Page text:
COURSE GOALS: To introduce students to the basic methodology used in malting and brewing laboratories for the analysis of raw materials and monitoring of process and product. To apply these methods in the analysis and characterization of a range of raw materials varying in their suitability for use and also to monitor experiments designed to demonstrate the variations that can occur in brewing. To perform pilot brews for the purpose of identifying the impact of raw materials and process conditions on performance and quality. Students will interpret data in relation to the understanding of malting and brewing science gained in course FST 102A.
PREREQUISITES: FST 102A; CHE 2A, 2B, and 2C
COURSE FORMAT: Four units. The class meets for one lecture and one brewery or laboratory session per week. By its nature, a practical class in brewery will demand that students may need to devote some time to working in the brewery outside the allotted study periods. Students will be divided into teams of three or four for the brewing practicals. The eligibility for this course will be your grade from FST102A. Students will be graded on the quality of their contribution to the class, weekly quizzes, one short final, and the quality of their laboratory notebook.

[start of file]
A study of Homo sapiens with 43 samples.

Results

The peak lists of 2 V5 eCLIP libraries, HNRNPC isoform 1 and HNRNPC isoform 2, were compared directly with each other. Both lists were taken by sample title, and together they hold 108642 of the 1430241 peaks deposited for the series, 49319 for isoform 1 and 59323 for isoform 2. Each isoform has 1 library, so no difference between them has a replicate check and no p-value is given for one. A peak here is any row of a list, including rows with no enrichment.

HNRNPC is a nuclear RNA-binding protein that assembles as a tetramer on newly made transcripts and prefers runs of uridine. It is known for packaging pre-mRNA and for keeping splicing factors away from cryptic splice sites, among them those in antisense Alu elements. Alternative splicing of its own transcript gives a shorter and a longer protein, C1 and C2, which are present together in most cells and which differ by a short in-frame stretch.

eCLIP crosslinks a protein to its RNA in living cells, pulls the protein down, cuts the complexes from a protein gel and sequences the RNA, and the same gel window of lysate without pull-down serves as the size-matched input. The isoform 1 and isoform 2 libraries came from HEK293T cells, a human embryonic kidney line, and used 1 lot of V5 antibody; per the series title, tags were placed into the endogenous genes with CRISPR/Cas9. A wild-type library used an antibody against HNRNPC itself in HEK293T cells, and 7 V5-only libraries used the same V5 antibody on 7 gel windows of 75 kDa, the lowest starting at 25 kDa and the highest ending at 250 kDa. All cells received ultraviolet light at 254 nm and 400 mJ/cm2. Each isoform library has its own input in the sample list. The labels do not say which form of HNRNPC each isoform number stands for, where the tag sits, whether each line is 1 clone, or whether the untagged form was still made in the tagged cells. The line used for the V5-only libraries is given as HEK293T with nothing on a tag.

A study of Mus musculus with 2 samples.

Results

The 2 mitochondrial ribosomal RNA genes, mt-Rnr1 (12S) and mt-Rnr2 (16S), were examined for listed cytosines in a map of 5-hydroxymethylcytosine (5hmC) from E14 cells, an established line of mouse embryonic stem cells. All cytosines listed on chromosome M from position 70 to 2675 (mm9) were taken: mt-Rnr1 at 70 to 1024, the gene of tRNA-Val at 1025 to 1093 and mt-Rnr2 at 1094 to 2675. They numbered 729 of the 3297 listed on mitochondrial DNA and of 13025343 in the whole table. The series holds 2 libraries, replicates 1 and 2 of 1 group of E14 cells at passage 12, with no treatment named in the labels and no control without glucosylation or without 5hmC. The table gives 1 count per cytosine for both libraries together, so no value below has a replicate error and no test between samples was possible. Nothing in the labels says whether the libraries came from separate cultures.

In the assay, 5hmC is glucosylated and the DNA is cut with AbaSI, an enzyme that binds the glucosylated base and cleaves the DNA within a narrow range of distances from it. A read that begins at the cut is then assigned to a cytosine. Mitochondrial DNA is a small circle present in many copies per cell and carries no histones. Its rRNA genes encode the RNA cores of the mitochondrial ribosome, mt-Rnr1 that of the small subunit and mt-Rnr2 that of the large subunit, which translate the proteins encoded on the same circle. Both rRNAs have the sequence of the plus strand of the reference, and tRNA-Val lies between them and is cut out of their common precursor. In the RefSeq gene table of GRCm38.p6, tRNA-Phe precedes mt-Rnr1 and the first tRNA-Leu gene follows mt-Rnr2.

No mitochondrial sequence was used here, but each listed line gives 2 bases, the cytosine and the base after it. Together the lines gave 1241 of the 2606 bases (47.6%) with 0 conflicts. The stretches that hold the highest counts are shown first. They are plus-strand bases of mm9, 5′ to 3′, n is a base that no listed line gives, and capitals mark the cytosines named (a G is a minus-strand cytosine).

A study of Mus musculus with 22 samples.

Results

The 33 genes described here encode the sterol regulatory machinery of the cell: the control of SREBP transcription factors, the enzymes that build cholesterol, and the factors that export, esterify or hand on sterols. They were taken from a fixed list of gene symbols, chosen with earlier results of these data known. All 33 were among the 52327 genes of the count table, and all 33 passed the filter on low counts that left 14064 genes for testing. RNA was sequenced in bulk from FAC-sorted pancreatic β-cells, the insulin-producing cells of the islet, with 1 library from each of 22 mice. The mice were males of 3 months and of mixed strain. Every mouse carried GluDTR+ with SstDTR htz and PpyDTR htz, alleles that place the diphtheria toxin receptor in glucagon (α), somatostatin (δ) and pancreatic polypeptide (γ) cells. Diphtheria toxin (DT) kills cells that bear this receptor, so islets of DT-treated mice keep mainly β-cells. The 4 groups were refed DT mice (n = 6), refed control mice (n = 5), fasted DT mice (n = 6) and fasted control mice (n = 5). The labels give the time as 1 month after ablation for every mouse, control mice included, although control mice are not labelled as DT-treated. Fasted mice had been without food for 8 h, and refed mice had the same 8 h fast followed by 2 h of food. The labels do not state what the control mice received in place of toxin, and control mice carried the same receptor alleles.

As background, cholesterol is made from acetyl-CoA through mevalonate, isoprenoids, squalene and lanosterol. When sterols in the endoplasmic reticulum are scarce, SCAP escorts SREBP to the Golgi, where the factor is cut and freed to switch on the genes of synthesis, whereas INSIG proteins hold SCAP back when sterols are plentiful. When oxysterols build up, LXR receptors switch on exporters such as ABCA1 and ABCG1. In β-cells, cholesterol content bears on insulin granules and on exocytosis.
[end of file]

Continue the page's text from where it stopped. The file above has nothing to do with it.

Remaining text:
The major part of this course will be students designing their own brewing recipes for the Iron Brew competition. Groups will brew four beers, with three of their own design. They will select one of these brews to be judged in the Iron Brew competition, with judging in the last week of the quarter. Students will measure the quality of their entered beer, design a label and bottle their beer for presentation to the judges. The judging is carried out by industry brewers and raw material suppliers. The winner recipe will be brewed at local craft brewery, Sudwerks. To compete in this competition is a great opportunity for students to understand the full brewing process from design to packaging and engage with industry brewers to discuss their beers.
TOPICAL OUTLINE: Students will differentiate between acceptable and unacceptable raw materials, including barley, malt, adjuncts, hops, water and yeast. Using small-scale tests they will assess the impact of variables on process performance (e.g. fluxes and yields). They will design and pursue pilot scale brews to demonstrate how selection of raw materials and process conditions can generate beers of different kinds and qualities.